Alright, who toasted the barrel? This Vieux Chateau Champs de Mars Bordeaux has nose and taste features that are without any doubt Bordeaux blend – with a slight but noticeable uptick on the oaky scale. Still relatively young, this ’09 vintage took a while to open up. Initially it smelled like berries on slightly toasted bread with some Nutella. When I first drank it, about 45 minutes after removing the cork, the wine seemed quite stiff. Less than generous fruit, lots of tannin, and that more than typical French oak. My reaction was that it wasn’t bad, and with the dryness, it might have been somebody’s cup of tea.
A few hours later, I came back to it. The descriptors in the scent stayed true to the the original sniff, perhaps evolving towards being more inviting. The gulp though benefited significantly from the additional airing out. In that dryness some caramel notes developed, the nuttiness grew and the fruit came to life. Given the dry structure of the wine, the evolved version certainly comes across as more balanced.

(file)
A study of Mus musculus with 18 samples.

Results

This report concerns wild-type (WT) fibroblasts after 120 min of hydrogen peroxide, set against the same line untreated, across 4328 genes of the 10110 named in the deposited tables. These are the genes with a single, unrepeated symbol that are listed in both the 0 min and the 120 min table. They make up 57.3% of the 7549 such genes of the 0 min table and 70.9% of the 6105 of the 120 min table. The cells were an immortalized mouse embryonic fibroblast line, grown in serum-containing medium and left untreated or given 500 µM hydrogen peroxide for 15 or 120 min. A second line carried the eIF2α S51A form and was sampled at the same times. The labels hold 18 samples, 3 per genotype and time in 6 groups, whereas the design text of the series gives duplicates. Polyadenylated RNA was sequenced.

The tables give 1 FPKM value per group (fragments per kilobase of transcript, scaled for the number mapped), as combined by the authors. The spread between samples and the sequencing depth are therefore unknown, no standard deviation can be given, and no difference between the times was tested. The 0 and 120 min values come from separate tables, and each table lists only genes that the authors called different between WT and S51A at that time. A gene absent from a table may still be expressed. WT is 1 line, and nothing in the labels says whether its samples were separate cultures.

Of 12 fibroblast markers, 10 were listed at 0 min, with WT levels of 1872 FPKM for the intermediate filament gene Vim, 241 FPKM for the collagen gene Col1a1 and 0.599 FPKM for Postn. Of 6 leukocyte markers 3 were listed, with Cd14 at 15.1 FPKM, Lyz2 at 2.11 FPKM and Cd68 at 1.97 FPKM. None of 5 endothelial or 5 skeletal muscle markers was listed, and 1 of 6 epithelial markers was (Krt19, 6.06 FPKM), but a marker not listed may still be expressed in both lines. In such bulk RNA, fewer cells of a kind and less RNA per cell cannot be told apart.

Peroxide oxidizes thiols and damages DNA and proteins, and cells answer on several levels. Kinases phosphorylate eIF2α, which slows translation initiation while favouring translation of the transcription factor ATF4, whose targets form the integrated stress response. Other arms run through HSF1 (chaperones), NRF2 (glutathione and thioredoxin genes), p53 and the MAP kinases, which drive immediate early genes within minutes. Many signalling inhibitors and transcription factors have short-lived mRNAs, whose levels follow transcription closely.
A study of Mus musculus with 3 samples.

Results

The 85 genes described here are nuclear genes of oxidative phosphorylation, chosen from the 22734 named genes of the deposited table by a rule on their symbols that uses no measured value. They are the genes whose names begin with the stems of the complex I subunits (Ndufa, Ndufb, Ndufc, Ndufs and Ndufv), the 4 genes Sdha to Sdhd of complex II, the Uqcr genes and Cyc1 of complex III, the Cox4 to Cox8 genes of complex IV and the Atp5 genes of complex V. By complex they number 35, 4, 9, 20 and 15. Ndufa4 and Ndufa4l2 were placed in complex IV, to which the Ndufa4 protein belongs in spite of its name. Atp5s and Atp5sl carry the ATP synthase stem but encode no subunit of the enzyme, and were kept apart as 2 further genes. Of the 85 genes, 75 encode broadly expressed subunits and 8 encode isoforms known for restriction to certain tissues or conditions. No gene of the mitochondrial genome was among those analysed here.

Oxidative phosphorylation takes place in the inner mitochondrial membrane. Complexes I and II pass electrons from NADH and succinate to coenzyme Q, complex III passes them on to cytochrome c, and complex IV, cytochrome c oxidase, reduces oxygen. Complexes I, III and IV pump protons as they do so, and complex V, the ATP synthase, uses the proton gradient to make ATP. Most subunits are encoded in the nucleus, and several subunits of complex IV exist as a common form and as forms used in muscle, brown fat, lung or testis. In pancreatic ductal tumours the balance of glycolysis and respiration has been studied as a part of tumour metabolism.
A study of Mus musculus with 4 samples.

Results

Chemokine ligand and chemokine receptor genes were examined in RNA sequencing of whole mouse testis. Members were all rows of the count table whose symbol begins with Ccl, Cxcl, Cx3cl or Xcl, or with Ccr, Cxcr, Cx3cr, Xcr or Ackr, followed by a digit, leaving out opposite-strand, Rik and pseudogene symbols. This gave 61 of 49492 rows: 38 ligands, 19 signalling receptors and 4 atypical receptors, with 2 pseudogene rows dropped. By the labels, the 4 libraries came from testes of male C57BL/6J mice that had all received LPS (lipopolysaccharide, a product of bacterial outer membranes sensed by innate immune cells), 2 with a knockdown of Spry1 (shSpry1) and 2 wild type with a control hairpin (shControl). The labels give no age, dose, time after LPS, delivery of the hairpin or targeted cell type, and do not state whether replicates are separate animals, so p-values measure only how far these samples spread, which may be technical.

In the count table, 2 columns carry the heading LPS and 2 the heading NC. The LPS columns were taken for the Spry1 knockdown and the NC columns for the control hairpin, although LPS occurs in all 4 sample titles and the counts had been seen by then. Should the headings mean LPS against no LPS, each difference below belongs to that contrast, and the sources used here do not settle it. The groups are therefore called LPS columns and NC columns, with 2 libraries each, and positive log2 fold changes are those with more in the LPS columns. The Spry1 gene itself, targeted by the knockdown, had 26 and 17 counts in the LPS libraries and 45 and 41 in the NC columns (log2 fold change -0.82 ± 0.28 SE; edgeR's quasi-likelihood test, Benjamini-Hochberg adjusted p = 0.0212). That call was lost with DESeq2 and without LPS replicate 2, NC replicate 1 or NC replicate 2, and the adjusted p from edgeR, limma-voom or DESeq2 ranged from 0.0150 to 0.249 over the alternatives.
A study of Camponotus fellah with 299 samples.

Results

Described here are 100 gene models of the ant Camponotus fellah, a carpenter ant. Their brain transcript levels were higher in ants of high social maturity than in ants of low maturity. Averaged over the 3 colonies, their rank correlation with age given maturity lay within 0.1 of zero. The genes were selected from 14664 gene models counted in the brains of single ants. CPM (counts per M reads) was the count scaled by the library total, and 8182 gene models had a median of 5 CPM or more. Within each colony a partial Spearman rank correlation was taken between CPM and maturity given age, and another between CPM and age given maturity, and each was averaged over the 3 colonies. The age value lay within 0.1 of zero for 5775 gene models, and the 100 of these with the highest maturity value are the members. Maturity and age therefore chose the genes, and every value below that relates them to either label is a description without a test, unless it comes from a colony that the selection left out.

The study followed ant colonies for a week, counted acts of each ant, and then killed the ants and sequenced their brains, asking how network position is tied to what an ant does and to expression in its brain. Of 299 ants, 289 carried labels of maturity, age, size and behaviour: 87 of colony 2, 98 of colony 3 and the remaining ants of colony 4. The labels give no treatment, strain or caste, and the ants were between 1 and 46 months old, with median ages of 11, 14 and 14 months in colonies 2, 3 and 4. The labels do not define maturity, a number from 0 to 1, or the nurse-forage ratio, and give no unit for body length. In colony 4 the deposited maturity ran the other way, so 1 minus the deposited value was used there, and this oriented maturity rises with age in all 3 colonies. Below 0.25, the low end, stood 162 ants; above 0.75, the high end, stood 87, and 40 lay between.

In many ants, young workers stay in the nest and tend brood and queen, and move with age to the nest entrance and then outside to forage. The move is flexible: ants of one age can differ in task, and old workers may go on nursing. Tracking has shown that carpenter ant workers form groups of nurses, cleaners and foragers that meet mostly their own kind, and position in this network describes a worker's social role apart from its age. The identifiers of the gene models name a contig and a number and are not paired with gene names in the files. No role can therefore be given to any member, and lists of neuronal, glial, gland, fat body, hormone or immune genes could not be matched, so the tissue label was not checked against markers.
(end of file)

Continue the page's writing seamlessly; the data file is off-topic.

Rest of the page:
Perhaps not made in my preferred style of Bordeaux, this is a decent quality product – if you are looking for a dry, structured BDX with a bit of wood and not much fruit, you might find value in this bottle.
Musical Match: I like Maurice Ravel’s music. Bo Derek aside, his Bolero is grand and moving. In contrast, I have always been disturbed by his haunting Pavane pour une infante defunte. Just as emotionally relevant as Bolero, this solo piano piece is an ode to a dead child. Certainly a dryer subject matter. And if the toasting of the barrel was a little bit “New World,” the pianist Angela Hewitt’s Canadian passport brings some “New World” to the musical side of the pairing as well. The composition style doesn’t draw me in, but I certainly recognize the quality.